Humble priest’s journey to the top


Pope Francis is known for his humility and simplicity. Until his election as Pope in March 2013, he was a cardinal and the Archbishop of Buenos Aires where he had served from February 21, 2001.

As cardinal, he lived in a simple flat, where he prepared his own meals and rode in public transport to work.

As a priest and bishop, Jorge Mario Bergoglio, as he was known before assuming the name Pope Francis, worked and lived with the poorest of the poor in the slum areas of Buenos Aires.

“My people are poor, and I am one of them,” he often said.

He always advised his priests to show mercy and apostolic courage, and keep doors opened for the faithful and indeed, for everyone.

When he speaks of social justice, he calls people first of all to pick up the Catechism, to rediscover the Ten Commandments and the Beatitudes.

His project is simple: If you follow Christ, you understand that “trampling upon a person’s dignity is a serious sin”.

Despite his self-effacing character — his official biography consisted of only a few lines until his appointment as Archbishop of Buenos Aires — he became a reference point because of the strong stances he took during the dramatic financial crisis that overwhelmed Argentina in 2001.

He was born in Buenos Aires on December 17, 1936, the son of Italian immigrants.

His father, Mario, was an accountant employed by the railways and his mother, Regina Sivori, was dedicated to raising their five children.

Bergoglio graduated as a chemical technician and then chose the path of priesthood, entering the Diocesan Seminary of Villa Devoto.


On July 31, 1973, he was appointed Provincial of the Jesuits in Argentina, an office he held for six years.

In March 1986, he went to Germany to finish his doctoral thesis; his superiors then sent him to the Colegio del Salvador in Buenos Aires and then to the Jesuit Church in Cordoba as spiritual director and confessor.

It was Cardinal Antonio Quarracino, Archbishop of Buenos Aires, who wanted him as a close collaborator.

As a result, on May 20, 1992, Pope John Paul II appointed him titular Bishop of Auca and Auxiliary of Buenos Aires.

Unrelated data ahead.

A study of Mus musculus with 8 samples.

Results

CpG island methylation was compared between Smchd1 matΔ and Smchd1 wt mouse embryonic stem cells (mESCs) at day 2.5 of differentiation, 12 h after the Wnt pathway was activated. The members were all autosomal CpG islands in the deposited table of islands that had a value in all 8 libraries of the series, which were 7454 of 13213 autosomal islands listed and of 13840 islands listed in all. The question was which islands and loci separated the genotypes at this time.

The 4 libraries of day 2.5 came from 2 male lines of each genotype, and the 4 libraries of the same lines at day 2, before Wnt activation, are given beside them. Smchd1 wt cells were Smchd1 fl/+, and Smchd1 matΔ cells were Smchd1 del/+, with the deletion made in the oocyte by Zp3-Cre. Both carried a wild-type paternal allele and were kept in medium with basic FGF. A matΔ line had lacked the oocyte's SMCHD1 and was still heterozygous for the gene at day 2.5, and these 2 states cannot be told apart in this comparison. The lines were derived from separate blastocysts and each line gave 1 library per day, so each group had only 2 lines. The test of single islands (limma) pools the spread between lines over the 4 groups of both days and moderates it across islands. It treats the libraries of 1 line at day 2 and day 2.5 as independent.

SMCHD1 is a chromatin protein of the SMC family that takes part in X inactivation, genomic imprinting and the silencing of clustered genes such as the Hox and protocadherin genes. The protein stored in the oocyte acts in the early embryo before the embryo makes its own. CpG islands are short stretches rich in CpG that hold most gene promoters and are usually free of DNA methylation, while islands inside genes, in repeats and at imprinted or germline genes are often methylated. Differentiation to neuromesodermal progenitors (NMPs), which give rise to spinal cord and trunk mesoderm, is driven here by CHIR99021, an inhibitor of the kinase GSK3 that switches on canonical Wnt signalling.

A week later, he received episcopal ordination from the cardinal.

He chose as his episcopal motto, miserando atque eligendo (lowly, but chosen) and on his coat of arms inserted the IHS, the symbol of the Society of Jesus.

At the Consistory of February 21, 2001, John Paul II created him cardinal, assigning him the title of San Roberto Bellarmino.

He asked the faithful not to come to Rome to celebrate his creation as cardinal but rather to donate to the poor what they would have spent on the journey.

As Grand Chancellor of the Catholic University of Argentina, he is the author of Meditaciones Para Religiosos (1982), Reflexiones Sobre La Vida Apostolica (1992) and Reflexiones de Esperanza (1992).

In October 2001, he was appointed General Relator to the 10th Ordinary General Assembly of the Synod of Bishops on the Episcopal Ministry.


This task was entrusted to him at the last minute to replace Cardinal Edward Michael Egan, Archbishop of New York, who was obliged to stay in his homeland because of the terrorist attacks on September 11 that year.

With time, Cardinal Bergoglio was becoming ever more popular in Latin America.

Despite this, he never relaxed his sober approach or his strict lifestyle, which some have defined as almost “ascetic”.

In this spirit of poverty, he declined to be appointed as President of the Argentine Bishops’ Conference in 2002, but three years later he was elected and then, in 2008, reconfirmed for a further three-year mandate.

As Archbishop of Buenos Aires, he conceived of a missionary project based on communion and evangelisation.

He aimed to re-evangelise Buenos Aires, “taking into account those who live there, its structure and its history”.

He asked priests and lay people to work together.

He was elected Pope on March 13, 2013.